Sports Federations quit IOC after Bach attack
Athletics’ world body on Monday led a withdrawal from a major international sports association after its leader launched a scathing public attack on IOC chief Thomas Bach. Controversy erupted at the SportAccord convention in this Russian resort after its chief Marius Vizer accused Bach of blocking his plans to set up multi-sports events.
The presidents of the International Association of Athletics Federations (IAAF) and International Shooting Sports Federation (ISSF) gave immediate notice at the Sport Accord convention that they are leaving the group in protest, officials said.
IAAF president Lamine Diack, FIFA’s Sepp Blatter and FINA swimming federation boss Julio Maglioine were among 15 federation chiefs to sign a letter condemning Vizer’s remarks to the convention where Bach was a special guest.
“We are not going to waste our time coming here, what does it bring us,” said IAAF president Diack. Vizer, head of the International Judo Federation, slammed Bach’s much-vaunted reforms of the IOC and the creation of a new Olympic television channel. “Mr President, stop blocking the Sport Accord strategy in its mission to identify and organise conventions and multi-sport games. Do not try to create a theory around which sports are and are not eligible for multi-sport games.” Vizer also said individual federations should have more power on the IOC. “The IOC system is expired, outdated, wrong, unfair and not at all transparent,” said Vizer. Vizer has since 2013 led SportAccord, a body that until Monday grouped 107 international federations inside and outside the Olympics and organisers of sports events.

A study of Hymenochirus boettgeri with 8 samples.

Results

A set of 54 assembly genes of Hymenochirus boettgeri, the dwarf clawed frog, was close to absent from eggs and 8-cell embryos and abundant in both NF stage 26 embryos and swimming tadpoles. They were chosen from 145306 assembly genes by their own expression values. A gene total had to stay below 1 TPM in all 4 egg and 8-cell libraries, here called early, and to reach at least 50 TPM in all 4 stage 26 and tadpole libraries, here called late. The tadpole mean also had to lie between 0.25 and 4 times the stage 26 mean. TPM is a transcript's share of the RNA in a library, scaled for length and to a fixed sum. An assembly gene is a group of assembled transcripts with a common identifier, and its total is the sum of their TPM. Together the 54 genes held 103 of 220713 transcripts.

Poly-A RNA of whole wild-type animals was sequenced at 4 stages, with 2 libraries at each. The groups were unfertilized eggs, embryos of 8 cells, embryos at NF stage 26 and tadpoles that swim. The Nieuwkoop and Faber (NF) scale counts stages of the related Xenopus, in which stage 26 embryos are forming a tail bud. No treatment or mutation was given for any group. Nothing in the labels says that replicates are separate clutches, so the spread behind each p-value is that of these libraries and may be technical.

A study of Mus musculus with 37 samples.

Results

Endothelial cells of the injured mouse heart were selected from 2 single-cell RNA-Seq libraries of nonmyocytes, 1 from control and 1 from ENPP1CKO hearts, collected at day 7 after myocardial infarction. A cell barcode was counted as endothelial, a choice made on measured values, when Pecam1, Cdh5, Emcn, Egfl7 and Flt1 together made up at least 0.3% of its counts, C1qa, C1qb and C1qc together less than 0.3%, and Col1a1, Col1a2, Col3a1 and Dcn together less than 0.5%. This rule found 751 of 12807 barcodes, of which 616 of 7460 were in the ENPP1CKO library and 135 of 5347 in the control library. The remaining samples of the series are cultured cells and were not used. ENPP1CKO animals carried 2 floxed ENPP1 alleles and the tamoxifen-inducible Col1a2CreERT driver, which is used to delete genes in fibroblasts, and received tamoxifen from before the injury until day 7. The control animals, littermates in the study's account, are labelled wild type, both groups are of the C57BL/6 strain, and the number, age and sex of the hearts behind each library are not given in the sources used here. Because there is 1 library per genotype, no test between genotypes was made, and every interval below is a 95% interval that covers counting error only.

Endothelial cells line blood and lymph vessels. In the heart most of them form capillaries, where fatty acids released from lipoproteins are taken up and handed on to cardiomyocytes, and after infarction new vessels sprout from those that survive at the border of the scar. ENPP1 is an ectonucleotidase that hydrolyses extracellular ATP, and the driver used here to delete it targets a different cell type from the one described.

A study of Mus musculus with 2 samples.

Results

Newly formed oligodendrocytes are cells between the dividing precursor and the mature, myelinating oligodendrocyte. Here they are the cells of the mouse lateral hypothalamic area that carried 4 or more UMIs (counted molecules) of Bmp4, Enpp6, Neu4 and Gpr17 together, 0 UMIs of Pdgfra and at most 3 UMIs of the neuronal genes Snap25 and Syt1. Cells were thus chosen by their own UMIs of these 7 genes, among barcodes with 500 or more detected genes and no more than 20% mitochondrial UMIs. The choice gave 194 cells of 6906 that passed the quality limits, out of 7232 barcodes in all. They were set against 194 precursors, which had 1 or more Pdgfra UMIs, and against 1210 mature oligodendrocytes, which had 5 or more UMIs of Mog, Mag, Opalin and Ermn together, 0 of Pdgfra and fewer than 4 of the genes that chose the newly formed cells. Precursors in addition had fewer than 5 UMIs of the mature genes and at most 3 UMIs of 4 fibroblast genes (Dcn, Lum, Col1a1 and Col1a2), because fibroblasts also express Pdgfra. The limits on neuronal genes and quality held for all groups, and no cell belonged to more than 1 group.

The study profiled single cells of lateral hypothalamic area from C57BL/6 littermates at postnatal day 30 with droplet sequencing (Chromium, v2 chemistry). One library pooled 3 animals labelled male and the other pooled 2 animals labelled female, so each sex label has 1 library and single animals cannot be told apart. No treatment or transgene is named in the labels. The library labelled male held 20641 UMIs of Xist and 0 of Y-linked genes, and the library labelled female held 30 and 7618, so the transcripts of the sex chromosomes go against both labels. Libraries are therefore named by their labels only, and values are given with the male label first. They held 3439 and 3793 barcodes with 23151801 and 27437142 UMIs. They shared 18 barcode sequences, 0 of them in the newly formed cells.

It has had an increasingly tense relationship with the IOC since candidates were stopped from making bid presentations at Sport Accord’s annual convention, which is billed as the world’s biggest sports business event.
Vizer’s proposal to hold a United World Games with several sports has also infuriated the IOC, though it has never got off the drawing board. “My only intention is to protect the interests of the international federations and to have a proper working relationship while providing them with projects and platforms in order to increase their visibility, exposure, participation and finance,” Vizer said. “If you want to be respected you have to be fair,” he told Bach.
Bach, who has made IOC reforms and the new television a pillar of his presidency, was visibly taken aback by the attack. The German IOC president ironically thanked Vizer for his “friendly welcome”. “My impression is a little bit that your opinions you have exclusively for you,” Bach added. He said other sports had made “constructive proposals which are ending up in even closer cooperation between the IOC and international federations”.
Bach flatly rejected discussing any new model for the distribution of the IOC’s multi-billion dollar revenues. “I have to very clearly say ‘no’.” The athletics and shooting federation presidents announced their intention to withdraw shortly after and the letter to Vizer was negotiated in the hours after.